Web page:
I don’t often find myself at chain restaurants but if a place is rumored to serve good food and have an atmosphere skiers might enjoy, I go. I’m happy to report that Texas de Brazil fits the bill.
Texas de Brazil is a churrascaria, featuring the tradition of churrasco-style cooking, where various cuts of seasoned meats—beef, lamb, pork, chicken and sausage—are slow-roasted over an open-flame, a cooking tradition adopted by gauchos, or Brazilian cowboys of Rio Grande do Sul region of Southern Brazil.
You can’t exactly transport the rich heritage of the Brazilian ranchland to a table in a shopping mall (it’s a gorgeous mall, by the way, City Creek Center, with tons of parking) but the perfectly seasoned, charcoal-roasted meats, carved at the table by the restaurant’s young “gauchos,” is enough of a glimpse to make one curious about the culture and cuisine.
This concept isn’t new, but (Shortcode Error: Could not find service named u'texas-de-brazil' for tag [service name="texas-de-brazil"]Texas de Brazil[/service]) is proud to have a native Brazilian gaucho as their culinary director since day one and is also still family-owned and operated. The menu is tight and doesn’t change much, to maintain the image and cultural behaviors of the region.
Upon entering the restaurant, diners are greeted with bold red walls and explosions of (faux) flowers. It’s a modern space, with lots of mirrors, sleek finish materials contrasted by Spanish-style chandeliers, and a floor-to-ceiling glass wine cellar (containing wines from all over the world with an emphasis on South American varietals).
The service is snappy and the best part is that you control the pace of the meal and your intake. It’s all you can eat for one price: $42.99 for all the meat you can eat and salad bar, or $24.99 for salad bar only. For big groups of hungry skiers fresh off a full day on the slopes, Texas de Brazil is a great choice. As soon as greetings are swapped with the server, the salad bar is open game, which is loaded with ample grilled vegetables—another churrasco dish—as well as green, grain and seafood salads, lots of pickled bites, imported cheeses and salamis, smoked salmon and a selection of soups. The lobster bisque was delicious.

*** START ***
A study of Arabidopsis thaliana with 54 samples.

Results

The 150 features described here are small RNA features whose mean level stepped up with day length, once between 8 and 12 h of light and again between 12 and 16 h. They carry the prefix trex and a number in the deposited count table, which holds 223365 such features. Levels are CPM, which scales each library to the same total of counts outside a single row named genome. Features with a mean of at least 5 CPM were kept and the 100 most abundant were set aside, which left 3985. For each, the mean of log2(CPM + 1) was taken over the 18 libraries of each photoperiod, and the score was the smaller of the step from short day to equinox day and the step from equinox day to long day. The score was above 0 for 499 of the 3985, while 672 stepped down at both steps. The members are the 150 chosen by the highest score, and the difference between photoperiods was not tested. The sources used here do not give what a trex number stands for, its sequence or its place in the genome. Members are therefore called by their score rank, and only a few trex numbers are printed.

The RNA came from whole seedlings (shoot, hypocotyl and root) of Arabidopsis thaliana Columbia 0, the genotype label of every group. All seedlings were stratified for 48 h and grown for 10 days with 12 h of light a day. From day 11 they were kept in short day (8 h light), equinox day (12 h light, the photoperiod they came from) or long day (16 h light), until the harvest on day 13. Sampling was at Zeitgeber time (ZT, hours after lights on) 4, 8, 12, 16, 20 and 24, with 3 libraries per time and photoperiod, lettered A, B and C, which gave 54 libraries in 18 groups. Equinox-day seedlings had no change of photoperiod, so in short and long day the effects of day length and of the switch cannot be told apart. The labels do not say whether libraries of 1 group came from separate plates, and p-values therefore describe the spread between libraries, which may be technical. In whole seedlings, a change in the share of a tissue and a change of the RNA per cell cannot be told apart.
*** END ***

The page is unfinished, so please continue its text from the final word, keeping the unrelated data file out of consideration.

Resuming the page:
After sampling the salad bar (be sure to put some chimichurri sauce on your plate to accompany the beef dishes), the parade of gauchos bearing swords of meat begins. Simply turn your paper disc to green from red (each guest has their own) and you will be offered one meat after another, more than you can possibly consume. It may be Brazilian, but the bounty is totally American. Back to the meats though: Every cut is perfectly seasoned and cooked, charred and juicy, just absolutely delicious. The picanha is the specialty, a tender sirloin cap with a flavorful crust. Only slivers are served, which is a relief because the men keep coming with filet, bacon-wrapped filet, braised ribs, lamb chops, pork ribs, leg of lamb, lamb chops, parmesan chicken…up to 16 selections. Pace yourself!
In between bites of meat, spoon a taste of pão de queijo (cheese bread) or cinnamon and sugar banana, meant to act as palate cleansers.
Oh, and then dessert. I don’t know how anyone could ponder dessert after willingly participating in such a meat fest, but it is tempting. I managed to fit in a bite of cheesecake and carrot cake with a coconut cream frosting but truly, the house cocktail, the classic caipirinha, was enough for me.
Texas de Brazil is a bit raucous and super polished, a well-oiled machine with a formula, but it works for a fun night in the city. Stroll the streets while the snow falls, recounting your day and walking off a “little” taste of the Rio Grande do Sul.
Note: This is a sponsored post by Texas De Brazil.